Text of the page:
MANILA, Philippines — Senators do not see a constitutional crisis arising from a Supreme Court (SC) ruling unseating Maria Lourdes Sereno as chief justice, which lawmakers warned weakened the powers of Congress to remove impeachable officials.
In separate interviews, Senate President Aquilino Pimentel III and Minority Leader Franklin Drilon said it appeared that the House of Representatives would no longer insist on impeaching Sereno after the SC granted the quo warranto petition filed by Solicitor General Jose Calida.
MANILA, Philippines – Senators do not see a constitutional crisis arising from a Supreme Court (SC) ruling unseating Maria Lourdes Sereno as chief justice, which lawmakers warned weakened the powers of Congress to remove impeachable officials.
They said if the House would not transmit the articles of impeachment to the Senate, there is no need for the chamber to convene as an impeachment court to try Sereno for her alleged violations of the law and the Constitution.
“We will only have a constitutional crisis if the House says Sereno’s ouster was not valid and the House thinks Sereno remains seated so they will transmit the articles of impeachment, and when that reaches us, we will say ‘the House is right, that’s why we will conduct a trial,’” Pimentel told dwIZ.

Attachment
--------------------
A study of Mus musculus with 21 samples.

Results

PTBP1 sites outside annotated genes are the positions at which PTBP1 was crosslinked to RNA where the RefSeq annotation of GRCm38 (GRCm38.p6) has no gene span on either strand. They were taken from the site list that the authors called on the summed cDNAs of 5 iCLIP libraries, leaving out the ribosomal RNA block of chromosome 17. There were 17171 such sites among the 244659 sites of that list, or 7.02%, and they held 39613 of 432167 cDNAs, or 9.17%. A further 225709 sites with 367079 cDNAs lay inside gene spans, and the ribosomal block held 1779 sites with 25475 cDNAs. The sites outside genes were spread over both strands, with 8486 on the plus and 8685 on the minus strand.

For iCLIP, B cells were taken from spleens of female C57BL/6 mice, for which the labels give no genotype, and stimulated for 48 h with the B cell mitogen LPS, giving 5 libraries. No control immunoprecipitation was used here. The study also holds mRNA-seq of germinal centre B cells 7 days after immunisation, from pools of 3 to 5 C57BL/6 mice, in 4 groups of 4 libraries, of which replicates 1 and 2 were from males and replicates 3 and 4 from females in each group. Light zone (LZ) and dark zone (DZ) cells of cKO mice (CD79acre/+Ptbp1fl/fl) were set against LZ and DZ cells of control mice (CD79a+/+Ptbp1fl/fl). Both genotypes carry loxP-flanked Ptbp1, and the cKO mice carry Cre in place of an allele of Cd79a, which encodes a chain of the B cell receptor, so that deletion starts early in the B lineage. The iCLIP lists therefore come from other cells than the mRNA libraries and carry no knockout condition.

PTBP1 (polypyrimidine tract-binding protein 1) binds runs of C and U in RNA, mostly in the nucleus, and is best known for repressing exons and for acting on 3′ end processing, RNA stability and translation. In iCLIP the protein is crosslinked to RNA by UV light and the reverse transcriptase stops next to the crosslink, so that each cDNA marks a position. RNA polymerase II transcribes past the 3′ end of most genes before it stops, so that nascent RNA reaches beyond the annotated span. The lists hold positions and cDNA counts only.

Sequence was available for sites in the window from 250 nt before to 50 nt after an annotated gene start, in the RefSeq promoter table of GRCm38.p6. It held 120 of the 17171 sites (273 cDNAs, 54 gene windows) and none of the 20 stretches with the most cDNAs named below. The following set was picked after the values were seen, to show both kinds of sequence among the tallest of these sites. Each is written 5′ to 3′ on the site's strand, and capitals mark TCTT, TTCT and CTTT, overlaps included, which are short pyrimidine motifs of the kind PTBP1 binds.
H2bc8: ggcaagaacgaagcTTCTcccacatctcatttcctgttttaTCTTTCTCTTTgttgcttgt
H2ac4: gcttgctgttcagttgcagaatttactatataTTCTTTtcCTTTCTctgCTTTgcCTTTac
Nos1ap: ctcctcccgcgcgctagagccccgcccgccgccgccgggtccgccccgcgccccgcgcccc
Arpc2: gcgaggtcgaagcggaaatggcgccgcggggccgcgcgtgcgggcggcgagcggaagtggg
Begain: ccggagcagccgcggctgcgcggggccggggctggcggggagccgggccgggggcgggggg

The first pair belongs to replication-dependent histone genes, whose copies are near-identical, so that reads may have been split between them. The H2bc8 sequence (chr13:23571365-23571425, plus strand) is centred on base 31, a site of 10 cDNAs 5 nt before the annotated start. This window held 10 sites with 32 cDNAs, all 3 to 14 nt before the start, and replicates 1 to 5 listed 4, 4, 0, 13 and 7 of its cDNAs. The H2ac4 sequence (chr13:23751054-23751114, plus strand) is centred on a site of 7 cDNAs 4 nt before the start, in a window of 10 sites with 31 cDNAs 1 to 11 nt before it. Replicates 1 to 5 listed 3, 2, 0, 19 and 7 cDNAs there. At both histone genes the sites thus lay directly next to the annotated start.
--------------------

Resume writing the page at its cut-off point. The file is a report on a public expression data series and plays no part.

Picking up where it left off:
He said the next move of the House would be crucial as he downplayed concerns of possible unrest owing to the historic SC decision.
“The decision is controversial but since we are in a democracy, we can speak out,” Pimentel said, adding the credibility of the high court will depend on the soundness of the arguments in the ruling.
He said the ruling could also prompt the constitutional commission to propose amendments to the Charter to strengthen the impeachment process or speed up the removal of erring impeachable officials.
Drilon expressed doubts there would be a constitutional crisis, noting Sereno is not expected to insist to remain as chief justice, even as he reiterated his warning that the decision violated the Constitution.
He said the Senate could not compel the House to transmit the articles of impeachment for Congress to assert its impeachment powers.
Drilon said some senators might file a resolution to protest the move of the SC, but such may not go far due to the separation of powers and independence of the three branches of government.
Sen. Francis Pangilinan said the quo warranto was a complicated and unprecedented legal issue, considering Sereno was removed from office not through impeachment which is what the Constitution mandates.
“The legal question before us therefore is what plenary powers if any does the Senate as an impeachment court have over the acts of both the executive and judicial branches, meaning the solicitor general and the Supreme Court, that have encroached on its exclusive power to remove the Chief Justice,” Pangilinan said.
Senate President Pro Tempore Ralph Recto and Sen. Joel Villanueva said the chamber could not press the House to proceed in impeaching Sereno.
House Majority Leader Rodolfo Fariñas on Friday said the chamber will likely not transmit the articles of impeachment to the Senate.